Up until now, Denzel Washington has been one of very few Hollywood stars not to try and build a franchise. He graduated from television in the late 1980s, playing Dr. Philip Chandler on St. Elsewhere, and in nearly 30 years on the big screen he never reprised a film role. That streak now comes to an end with Antoine Fuqua's The Equalizer 2, a sequel to the fall 2014 hit -- and while Robert McCall is unquestionably a part well-suited for a follow-up story, you leave the theater wishing there was a certain "worth the wait" quality to the movie that just isn't there.
In an idealized world, the reason why Denzel Washington would break his no-sequel streak for The Equalizer 2 is because the script was just far too good to pass up, but watching the movie you realize that couldn't be the case. What Antoine Fuqua and screenwriter Richard Wenk have cooked up isn't terrible -- as it finds some success with fun performances and cool, well-orchestrated action -- but the problem is that the recipe those ingredients are baked into is tremendously bland. Cool as it may be to see Robert McCall do his thing, the main plot of the film is one we've seen in a thousand and one other action movies, and as soon as you start seeing what's unfolding it's very easy to start to tune out.
A description needs to be sparse when it comes to details, as it would be tremendously easy to give everything away, but the story picks up with Robert McCall a couple years after the events of the first Equalizer, and as teased at the end of that movie, he has continued his mission of trying to help the powerless even the playing field with those that maliciously hurt them. Beyond that he lives a solitary life, making money as a Lyft driver in his Massachusetts community, and assisting those around him that he can support.
Unfortunately, he gets pulled back into his old life under rather tragic circumstances. One of the most important people in his life winds up being killed as part of criminal conspiracy, and it swiftly sends him into action. Investigating the case and collecting evidence -- the action weirdly ping-ponging between Massachusetts, Washington D.C., and Brussels, Belgium -- he begins a merciless campaign not only for personal vengeance, but for justice... with things getting more bland, blatant and trope-y as it develops.
One of the greatest strengths of The Equalizer was the way in which the story adapted the brand's television origins, specifically by interlacing episodic-esque side-missions that Robert completes while simultaneously dealing with the A-plot. The Equalizer 2 tries to replicate this to a degree, but the sequel's script has a very different dynamic between the narratives. While the smaller stories served to balance with the main one in the first film, here they almost act as a refreshing and much more interesting distraction. Rather than track a bland mission with lame twists and obvious villains, it's much more interesting to see Robert try and put a young neighbor (Ashton Sanders) on the path to a better life; help a Holocaust survivor (Orson Bean) reconnect with his past; and help a young girl against a bunch of abusive, douche-y assholes. And because the movie so clearly introduces these bits just for the occasional bit of action, it still makes it hard to really engage.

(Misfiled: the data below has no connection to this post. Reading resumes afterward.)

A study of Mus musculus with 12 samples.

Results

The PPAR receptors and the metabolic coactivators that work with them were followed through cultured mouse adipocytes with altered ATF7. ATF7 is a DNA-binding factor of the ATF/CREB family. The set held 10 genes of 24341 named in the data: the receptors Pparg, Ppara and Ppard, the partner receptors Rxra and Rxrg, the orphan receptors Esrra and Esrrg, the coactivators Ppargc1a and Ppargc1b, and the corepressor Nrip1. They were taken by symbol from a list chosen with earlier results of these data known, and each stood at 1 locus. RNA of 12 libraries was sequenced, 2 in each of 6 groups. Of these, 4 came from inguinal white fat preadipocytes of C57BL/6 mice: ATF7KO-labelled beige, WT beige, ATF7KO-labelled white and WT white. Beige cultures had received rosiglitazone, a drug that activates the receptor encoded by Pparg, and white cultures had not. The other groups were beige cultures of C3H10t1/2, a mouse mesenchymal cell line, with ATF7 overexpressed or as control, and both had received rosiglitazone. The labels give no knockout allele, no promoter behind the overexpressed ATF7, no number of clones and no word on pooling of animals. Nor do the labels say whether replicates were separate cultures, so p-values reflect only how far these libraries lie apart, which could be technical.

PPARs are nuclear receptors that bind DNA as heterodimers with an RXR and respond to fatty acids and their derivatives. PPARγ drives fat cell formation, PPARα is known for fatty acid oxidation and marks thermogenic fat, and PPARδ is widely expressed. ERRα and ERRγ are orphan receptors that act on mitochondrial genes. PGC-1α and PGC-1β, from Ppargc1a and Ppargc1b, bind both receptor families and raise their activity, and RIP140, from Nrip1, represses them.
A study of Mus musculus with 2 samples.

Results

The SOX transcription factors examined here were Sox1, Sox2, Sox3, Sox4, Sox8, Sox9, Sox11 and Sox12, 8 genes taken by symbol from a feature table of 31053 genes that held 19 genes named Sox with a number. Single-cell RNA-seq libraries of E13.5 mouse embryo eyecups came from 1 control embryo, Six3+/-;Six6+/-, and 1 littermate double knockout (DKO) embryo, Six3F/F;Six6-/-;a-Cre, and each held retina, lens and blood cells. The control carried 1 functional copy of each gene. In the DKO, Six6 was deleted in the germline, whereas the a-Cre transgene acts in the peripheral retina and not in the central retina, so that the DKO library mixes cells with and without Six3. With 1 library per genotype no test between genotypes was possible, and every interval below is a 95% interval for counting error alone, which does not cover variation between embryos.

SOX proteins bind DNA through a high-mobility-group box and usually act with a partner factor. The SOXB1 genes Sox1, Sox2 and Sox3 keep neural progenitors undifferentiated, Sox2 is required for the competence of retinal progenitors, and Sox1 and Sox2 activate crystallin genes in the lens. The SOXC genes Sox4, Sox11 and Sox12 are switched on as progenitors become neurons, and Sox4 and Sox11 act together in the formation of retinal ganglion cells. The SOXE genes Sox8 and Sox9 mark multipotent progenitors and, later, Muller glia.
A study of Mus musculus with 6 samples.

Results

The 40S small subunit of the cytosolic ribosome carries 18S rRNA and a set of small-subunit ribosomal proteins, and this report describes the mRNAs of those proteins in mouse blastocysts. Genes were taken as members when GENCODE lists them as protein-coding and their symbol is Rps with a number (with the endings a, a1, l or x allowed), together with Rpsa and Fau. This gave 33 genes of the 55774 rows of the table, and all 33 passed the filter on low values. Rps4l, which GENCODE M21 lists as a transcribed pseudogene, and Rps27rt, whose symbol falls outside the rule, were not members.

The obvious great strength is simply the power of Denzel Washington, who just makes all of the drama, intensity and ass-kicking look effortless and incredibly natural. At his core, Robert McCall is a character who truly cares about people with every fiber of himself, and it's always amazing to see Washington exhibit and exercise that passion. It legitimately powers everything, as even at 63 years old it gives him the stature and imposing figure that not only lets you believe it when he beats the hell from a room full of guys, but expect it to happen at every turn.
To his credit, Antoine Fuqua also does construct a handful of impressive action sequences, some hinted at above, and he actually finishes it with an epic and exciting final showdown -- isolated to an evacuated island town being bombarded by an intense and violent hurricane. It doesn't offer up the same kind of creative opportunities as the Home Depot-knockoff-set finale in the first one, and the stakes aren't as high because you're simply not as invested, but there is some smart innovation at play that is well shot. Like its predecessor, The Equalizer 2 smartly goes for the R-rating, and it does ultimately allow for some visceral, shocking conflict. It's just too bad that there isn't much substance supporting it.
The Equalizer 2 is a less-than-mediocre sequel to a mediocre action film, so there weren't exactly a ton of expectations at play here. That being said, as Denzel Washington's step into the ever-growing world of franchise filmmaking, things could be a lot worse. The material isn't quite worthy of his eminence as a two-time Academy Award-winner, but it's a character that plays to his strengths, and above anything he's still immensely fun to watch. There surely are some fantastic tales to tell with this character, and that potential still exists, but this really isn't one of them.